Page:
Reviewed by Jeffrey B. Remz
ard Working Americans is a generic enough sounding term, conveying that you're part of the lunch bucket crowd. Part of a faceless pack instead of an individual. In reality, it's something of a misnomer for the sextet of the same name heretofore considered a side project. That's because they or in most cases, their other "regular" musical activities or bands, are far better known. But what may have started as a side project seems to be an on-going (and successful) concern.
Hard Working Americans, who just released their third disc, "Rest in Chaos," were more of a rock band than anything else live although they touched down into rootsy and country as well.
They were at their most country on the covers, including the raucous "Stomp and Holler" from Hayes Carll, Don Williams' "Come From the Heart" and "Blackland Farmer" from Frankie Miller with the latter including chunks of REM's "The One I Love." HWA also often delved into the swampy, a bit funky and sometimes rootsy (the harder-edged BR549 "Run a Mile"), although often with a rock edge.
Snider maintained his typical role of the stoner, free-spirited, hippy dippy type leading the charge. Whether real or imagined was beside the point. Singing with a bit of a drawl, Snider at times seemed in another sphere, often closing his eyes while digging down into the material. He may never be accused of having the most pleasing voice, but he put his all into it.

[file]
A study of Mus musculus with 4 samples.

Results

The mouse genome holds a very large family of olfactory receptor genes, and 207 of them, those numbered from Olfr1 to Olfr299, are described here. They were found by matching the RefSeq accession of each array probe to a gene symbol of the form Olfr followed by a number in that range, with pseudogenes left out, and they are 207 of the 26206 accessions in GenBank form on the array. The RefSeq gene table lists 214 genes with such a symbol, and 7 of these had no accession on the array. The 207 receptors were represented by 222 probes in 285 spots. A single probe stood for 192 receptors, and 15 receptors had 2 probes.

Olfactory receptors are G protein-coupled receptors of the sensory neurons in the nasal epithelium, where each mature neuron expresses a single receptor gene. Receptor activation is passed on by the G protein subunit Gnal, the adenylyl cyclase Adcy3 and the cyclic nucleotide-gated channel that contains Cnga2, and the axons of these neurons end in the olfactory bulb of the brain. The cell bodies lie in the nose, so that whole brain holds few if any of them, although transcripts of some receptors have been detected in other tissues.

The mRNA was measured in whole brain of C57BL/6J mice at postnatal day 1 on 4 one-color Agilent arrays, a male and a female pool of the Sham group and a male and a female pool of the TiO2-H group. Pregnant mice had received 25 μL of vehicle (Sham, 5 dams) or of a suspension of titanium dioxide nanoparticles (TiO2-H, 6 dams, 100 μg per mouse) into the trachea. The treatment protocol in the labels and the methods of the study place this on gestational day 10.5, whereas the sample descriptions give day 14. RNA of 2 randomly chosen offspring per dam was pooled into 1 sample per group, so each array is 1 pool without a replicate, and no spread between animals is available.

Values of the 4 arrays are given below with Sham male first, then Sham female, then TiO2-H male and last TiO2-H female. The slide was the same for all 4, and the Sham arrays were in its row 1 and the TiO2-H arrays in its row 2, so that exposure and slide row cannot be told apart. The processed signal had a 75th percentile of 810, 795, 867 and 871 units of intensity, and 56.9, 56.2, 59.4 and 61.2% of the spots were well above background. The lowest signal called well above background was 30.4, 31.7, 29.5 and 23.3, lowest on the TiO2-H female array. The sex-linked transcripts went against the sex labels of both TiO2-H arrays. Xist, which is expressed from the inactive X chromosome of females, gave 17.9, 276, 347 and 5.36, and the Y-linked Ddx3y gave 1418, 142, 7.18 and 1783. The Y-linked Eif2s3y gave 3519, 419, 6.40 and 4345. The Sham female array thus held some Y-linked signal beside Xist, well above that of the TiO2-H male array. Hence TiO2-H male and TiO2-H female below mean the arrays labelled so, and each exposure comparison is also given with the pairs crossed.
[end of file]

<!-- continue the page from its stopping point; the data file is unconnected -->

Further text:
Barefoot and wearing a bowler hat, Snider was more than content to fade into the background to let his mates take center stage and display their wares.
No surprise given the talents of those who shared the stage. First and foremost was guitarist Neal Casal, who once upon a time did time with Ryan Adams & the Cardinals. Casal lit the up night with numerous lead guitar charges that were sharp, taut and meaningful.
And bassist Dave Schools of Widespread Panic also was especially sturdy, ultra active in setting the beat. At one point, he and Casal faced off for a while in one of the high points of the evening. Schools set the rhythm section with drummer Duane Trucks, who seemed to work the hardest without ever cracking a smile.
That also included newest HWA-er Jesse Aycock, whose pedal steel guitar (and guitar, where he had fewer opportunities) provided yet another opportunity for the band to stretch out.
Make no mistake about it. Side project? Maybe, but they treat it like an equal to their on-going activities. They more than lived up to their moniker.
Reed Foehl, ex-Acoustic Junction, opened with an engaging, free wheeling solo set where he took a few covers requests, including "Caroline," which he wrote with Esme Patterson.